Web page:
Employee stock ownership plans (ESOPs) have long been used to try and reinvigorate distressed companies, particularly in the airline and steel industries. But one private equity firm is hoping to use the structure in the buyout of 12 daily newspapers, fallout titles from McClatchy & Co.’s purchase of the Knight Ridder chain. Last month, McClatchy paid $4.5 billion (€3.7 billion) for the chain’s portfolio of 32 papers.

While a number of investors are eyeing the cast-off papers – including high-profile organs like the Philadelphia Inquirer, the Philadelphia Daily News, the San Jose Mercury News and the St. Paul Pioneer Press – some insider talk has speculated that Ronald Burkle’s Yucaipa buyout shop could acquire the papers. The firm, which focuses on deals with some sort of an organized labor component and has made several investments in US grocery store chains, has submitted a bid for the entire lot.

There is competition, particularly from smaller players looking to acquire individual papers. In Philadelphia, Minneapolis and Monterey, regional investor consortiums are looking at buying their local papers. One mid-sized newspaper chain, MediaNews Group in Denver, is eyeing a few California papers to add to its Bay Area holdings. 

But Yucaipa has settled upon an interesting strategy for its bid. The private investment firm is working with employees at eight of the papers; it has said it will allow paper employees to invest in the papers via a new company called ValuePlus Media, with the employees eventually taking over as Yucaipa sells out its shares. Two of the papers on the block already have employee stock ownership plans in place.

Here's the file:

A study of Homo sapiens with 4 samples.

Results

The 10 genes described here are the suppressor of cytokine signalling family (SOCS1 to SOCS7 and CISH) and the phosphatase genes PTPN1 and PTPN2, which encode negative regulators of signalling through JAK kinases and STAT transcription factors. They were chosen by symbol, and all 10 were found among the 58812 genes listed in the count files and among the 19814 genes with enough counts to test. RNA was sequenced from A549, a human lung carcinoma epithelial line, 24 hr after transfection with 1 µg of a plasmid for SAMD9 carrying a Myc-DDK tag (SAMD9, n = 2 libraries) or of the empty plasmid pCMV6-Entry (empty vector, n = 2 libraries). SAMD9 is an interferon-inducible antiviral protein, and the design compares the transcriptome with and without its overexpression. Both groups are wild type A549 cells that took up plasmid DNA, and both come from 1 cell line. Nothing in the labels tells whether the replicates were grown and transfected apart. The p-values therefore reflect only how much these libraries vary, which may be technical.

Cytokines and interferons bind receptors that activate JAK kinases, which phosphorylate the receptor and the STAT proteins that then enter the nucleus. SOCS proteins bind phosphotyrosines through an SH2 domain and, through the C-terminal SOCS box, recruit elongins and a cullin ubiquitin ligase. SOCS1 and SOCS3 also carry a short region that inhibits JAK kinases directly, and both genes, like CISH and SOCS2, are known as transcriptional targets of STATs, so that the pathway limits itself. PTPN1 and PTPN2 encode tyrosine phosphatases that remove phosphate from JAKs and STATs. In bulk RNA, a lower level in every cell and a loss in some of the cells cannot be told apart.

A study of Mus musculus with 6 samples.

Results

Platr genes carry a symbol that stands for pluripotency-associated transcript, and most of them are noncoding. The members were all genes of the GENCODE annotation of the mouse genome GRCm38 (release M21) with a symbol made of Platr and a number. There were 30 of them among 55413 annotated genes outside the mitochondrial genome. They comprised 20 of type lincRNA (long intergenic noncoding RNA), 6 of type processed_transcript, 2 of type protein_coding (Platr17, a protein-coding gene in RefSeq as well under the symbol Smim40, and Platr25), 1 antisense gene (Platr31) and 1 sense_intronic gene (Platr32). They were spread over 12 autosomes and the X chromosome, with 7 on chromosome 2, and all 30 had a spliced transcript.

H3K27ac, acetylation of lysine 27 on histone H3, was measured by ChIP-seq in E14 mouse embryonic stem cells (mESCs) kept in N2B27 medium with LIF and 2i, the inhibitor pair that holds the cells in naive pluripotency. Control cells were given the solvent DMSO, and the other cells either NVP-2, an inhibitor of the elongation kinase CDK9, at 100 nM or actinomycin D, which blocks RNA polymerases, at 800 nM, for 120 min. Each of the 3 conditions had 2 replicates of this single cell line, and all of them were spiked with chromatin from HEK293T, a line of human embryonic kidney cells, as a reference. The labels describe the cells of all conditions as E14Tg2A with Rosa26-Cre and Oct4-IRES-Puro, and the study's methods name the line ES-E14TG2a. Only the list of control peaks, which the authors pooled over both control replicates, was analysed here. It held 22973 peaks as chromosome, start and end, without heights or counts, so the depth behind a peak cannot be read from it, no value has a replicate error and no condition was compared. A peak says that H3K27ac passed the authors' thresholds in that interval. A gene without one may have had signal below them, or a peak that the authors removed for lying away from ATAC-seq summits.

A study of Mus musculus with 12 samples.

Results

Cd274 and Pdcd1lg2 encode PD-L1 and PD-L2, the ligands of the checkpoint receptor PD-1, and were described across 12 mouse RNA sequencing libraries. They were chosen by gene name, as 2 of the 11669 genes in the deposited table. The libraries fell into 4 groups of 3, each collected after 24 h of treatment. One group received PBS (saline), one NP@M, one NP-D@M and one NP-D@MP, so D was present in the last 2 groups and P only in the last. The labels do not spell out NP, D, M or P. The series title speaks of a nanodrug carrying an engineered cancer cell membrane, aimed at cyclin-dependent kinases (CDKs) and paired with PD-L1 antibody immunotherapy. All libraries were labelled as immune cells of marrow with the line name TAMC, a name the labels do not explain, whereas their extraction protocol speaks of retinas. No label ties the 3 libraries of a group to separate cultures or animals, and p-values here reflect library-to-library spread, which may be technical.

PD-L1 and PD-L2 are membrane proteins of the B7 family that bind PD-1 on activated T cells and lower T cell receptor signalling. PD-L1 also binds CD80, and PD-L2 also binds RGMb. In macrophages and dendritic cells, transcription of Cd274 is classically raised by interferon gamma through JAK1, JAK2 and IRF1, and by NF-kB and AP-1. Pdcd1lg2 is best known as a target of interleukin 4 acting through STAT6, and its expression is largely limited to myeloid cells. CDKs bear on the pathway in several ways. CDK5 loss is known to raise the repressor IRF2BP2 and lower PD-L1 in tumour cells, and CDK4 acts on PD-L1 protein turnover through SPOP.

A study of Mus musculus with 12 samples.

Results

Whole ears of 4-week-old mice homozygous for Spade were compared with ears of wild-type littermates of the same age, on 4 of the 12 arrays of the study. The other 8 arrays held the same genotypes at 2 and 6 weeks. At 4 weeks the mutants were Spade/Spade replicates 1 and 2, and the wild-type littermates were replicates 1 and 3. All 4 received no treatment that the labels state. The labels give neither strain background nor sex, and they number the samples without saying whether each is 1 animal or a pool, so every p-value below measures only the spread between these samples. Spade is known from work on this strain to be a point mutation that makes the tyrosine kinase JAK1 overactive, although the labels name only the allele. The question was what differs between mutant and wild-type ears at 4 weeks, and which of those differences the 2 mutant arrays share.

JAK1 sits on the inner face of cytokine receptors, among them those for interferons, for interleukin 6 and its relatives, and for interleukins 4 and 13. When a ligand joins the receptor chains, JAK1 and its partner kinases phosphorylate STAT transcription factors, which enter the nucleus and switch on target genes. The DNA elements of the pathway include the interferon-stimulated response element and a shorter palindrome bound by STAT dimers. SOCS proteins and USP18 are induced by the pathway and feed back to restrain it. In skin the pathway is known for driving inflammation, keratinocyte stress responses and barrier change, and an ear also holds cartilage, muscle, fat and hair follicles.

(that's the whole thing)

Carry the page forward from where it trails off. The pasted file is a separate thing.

In the 1980s and early 1990s, the gambit was often used in the distressed space – with mixed results. For instance, pilots and mechanics at United Airlines agreed to an employee stock ownership plan, as have steel workers at the Weirton Steel. In the former situation, the employees became increasingly disillusioned as the stock sank (United eventually filed for bankruptcy in 2002), while the employee-owned steel company was eventually bought out by International Steel Group, the steel platform helmed by turnaround investor Wilbur Ross.

Still, despite the rocky precedent, some feel the employee stock ownership plan could work – especially in the case of the McClatchy papers. Compared with distressed-prone industries like airlines and steel, newspapers can be reliable revenue generators. In particular, well run papers (or papers that are able to cut costs, anyway) can generate steady cash – though a wise investment, it is not something that is always rewarded in the public markets. 

But the newspaper play is not the only ESOP-private equity deal in the pipeline. A manufacturing union in Ohio – the International Brotherhood of Electrical Workers 1985 – is reportedly talking to a private equity firm about a buyout of vacuum maker Hoover from its owner, appliance maker Maytag. The move could allow employees to invest in the company or take a wage cut in exchange for equity in the company.

“The big difference between Hoover and CWA [is] at Hoover you’ve got a failing company,” Harley Shaiken, a labor professor at the University of California Berkley, told the Washington Post last week. “Here, it’s not clear that papers are failing. Many are successful.”